By Jonathan Garber FOXBusiness
The S&P 500 is fighting to exit its bear market. Tech remains reliable in volatile stock market.
U.S. equity markets rallied Wednesday amid optimism that hospitalizations related to the COVID-19 pandemic are beginning to plateau in some of the hardest-hit areas of the country.
The Dow Jones Industrial Average climbed 257 points, or 1.14 percent, in the opening minutes of trading while the S&P 500 and Nasdaq Composite rose 1.09 percent and 1.11 percent, respectively.
The major averages gave up big gains on Tuesday that had briefly lifted the S&P 500 out of its bear market. The index must gain 25.47 points, or 1 percent, to close above the 2,684.88 level needed to officially exit.
Carnival Cruise Line rallied for a third day after Saudi Arabia’s investment fund announced on Monday it had taken an 8 percent stake in the heavily beaten-down cruise operator.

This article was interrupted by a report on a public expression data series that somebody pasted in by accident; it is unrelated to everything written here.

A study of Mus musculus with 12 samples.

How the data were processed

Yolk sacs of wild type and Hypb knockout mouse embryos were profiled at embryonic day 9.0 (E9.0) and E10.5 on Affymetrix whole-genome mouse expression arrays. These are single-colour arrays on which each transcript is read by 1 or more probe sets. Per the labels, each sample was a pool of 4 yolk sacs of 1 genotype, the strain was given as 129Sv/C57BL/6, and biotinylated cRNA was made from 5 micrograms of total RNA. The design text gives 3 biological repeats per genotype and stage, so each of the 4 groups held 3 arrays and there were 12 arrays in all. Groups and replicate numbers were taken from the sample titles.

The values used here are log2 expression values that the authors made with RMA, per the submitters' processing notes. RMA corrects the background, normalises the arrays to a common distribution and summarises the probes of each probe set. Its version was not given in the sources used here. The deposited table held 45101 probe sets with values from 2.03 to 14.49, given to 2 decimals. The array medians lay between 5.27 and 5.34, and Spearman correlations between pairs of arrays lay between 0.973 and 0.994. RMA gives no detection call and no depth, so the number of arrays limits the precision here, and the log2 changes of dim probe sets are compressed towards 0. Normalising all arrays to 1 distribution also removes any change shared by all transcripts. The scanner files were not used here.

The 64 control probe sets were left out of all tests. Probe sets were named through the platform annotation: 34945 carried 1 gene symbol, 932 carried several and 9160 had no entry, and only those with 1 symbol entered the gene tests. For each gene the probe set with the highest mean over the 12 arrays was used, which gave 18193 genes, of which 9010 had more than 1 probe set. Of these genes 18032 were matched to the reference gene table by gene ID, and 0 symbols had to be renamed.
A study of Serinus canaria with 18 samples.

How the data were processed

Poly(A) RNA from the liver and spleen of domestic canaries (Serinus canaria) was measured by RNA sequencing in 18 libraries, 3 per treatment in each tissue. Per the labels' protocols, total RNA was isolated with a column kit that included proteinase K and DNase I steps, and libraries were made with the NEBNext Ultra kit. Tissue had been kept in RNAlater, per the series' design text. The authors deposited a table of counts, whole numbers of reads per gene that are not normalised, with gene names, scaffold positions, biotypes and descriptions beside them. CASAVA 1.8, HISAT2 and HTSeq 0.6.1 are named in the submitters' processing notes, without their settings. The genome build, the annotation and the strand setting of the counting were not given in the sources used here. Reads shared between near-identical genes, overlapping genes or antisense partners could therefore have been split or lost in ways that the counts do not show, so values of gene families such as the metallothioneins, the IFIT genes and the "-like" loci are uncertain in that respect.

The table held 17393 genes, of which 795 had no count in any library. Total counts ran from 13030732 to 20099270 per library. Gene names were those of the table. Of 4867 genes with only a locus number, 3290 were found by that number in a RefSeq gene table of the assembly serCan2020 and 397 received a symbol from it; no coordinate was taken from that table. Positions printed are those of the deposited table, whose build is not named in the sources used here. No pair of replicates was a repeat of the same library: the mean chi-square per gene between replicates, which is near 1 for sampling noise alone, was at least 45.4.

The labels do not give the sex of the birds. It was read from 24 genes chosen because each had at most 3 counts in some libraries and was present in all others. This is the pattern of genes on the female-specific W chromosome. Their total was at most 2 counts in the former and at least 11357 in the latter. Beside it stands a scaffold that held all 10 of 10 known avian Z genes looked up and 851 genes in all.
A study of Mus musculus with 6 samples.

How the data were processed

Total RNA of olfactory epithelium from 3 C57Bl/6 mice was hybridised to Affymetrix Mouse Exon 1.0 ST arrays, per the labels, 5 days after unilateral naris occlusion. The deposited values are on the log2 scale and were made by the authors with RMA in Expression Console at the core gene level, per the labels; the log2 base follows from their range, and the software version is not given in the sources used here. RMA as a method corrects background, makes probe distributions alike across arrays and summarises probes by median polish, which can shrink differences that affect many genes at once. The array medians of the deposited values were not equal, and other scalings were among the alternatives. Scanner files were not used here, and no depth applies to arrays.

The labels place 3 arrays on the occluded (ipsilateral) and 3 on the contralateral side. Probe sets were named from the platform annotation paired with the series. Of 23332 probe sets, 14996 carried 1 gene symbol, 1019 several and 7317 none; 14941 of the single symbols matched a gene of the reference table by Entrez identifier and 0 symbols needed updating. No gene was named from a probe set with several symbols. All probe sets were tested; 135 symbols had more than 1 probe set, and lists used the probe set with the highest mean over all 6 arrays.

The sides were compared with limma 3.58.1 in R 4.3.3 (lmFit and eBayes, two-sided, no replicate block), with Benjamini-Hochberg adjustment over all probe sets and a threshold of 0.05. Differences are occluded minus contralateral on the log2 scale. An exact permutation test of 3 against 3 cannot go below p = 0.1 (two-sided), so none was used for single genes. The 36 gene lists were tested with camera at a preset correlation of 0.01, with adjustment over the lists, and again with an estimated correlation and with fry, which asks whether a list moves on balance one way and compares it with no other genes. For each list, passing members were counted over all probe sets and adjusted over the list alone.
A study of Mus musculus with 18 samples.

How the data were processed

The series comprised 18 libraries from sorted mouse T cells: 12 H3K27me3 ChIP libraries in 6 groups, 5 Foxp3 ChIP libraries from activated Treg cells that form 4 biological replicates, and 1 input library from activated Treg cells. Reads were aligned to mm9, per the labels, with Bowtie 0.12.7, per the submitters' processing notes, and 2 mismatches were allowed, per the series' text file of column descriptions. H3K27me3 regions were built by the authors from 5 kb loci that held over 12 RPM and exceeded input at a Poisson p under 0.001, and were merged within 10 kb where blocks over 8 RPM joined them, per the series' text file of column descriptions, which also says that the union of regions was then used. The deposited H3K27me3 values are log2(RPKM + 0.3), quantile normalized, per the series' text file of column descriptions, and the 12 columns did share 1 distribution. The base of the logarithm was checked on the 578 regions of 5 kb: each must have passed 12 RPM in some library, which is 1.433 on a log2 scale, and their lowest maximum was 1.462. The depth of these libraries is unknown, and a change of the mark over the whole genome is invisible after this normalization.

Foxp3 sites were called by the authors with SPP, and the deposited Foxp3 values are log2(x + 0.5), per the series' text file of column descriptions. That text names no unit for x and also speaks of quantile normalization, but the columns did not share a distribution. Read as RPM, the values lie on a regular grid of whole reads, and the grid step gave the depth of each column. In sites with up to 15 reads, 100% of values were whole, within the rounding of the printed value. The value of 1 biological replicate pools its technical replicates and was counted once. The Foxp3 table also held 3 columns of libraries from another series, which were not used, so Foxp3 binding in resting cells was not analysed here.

Electric-car maker Tesla furloughed all non-essential employees and cut pay through the end of the second quarter, according to a Reuters report that cited a company email.
Retailers Party City and Dick’s Sporting Goods announced they would be furloughing workers.
On the earnings front, blue jeans maker Levi Strauss & Co. reported better-than-expected top- and bottom-line results and withdrew its 2020 guidance due to uncertainty caused by COVID-19.
The social-media company Pinterest soared after reporting preliminary results and withdrawing its 2020 guidance. Pinterest will release its final results on May 5.
In commodities, West Texas Intermediate crude oil rose 2.7 percent to $24.26 a barrel ahead of Thursday’s key meeting between OPEC and its allies, and gold inched up 0.17 percent to $1,686 an ounce.
U.S. Treasurys slipped, running the yield on the 10-year note higher by 1.6 basis points to 0.75 percent.
In Europe, France’s CAC was down 0.96 percent, Britain’s FTSE slid 0.97 percent and Germany’s DAX shed 0.58 percent.
Asian markets were mixed, as Japan’s Nikkei gained 2.13 percent in response to Prime Minister Shinzo Abe’s $1 trillion stimulus package. China’s Shanghai Composite and Hong Kong’s Hang Seng fell 0.19 percent and 1.17 percent, respectively.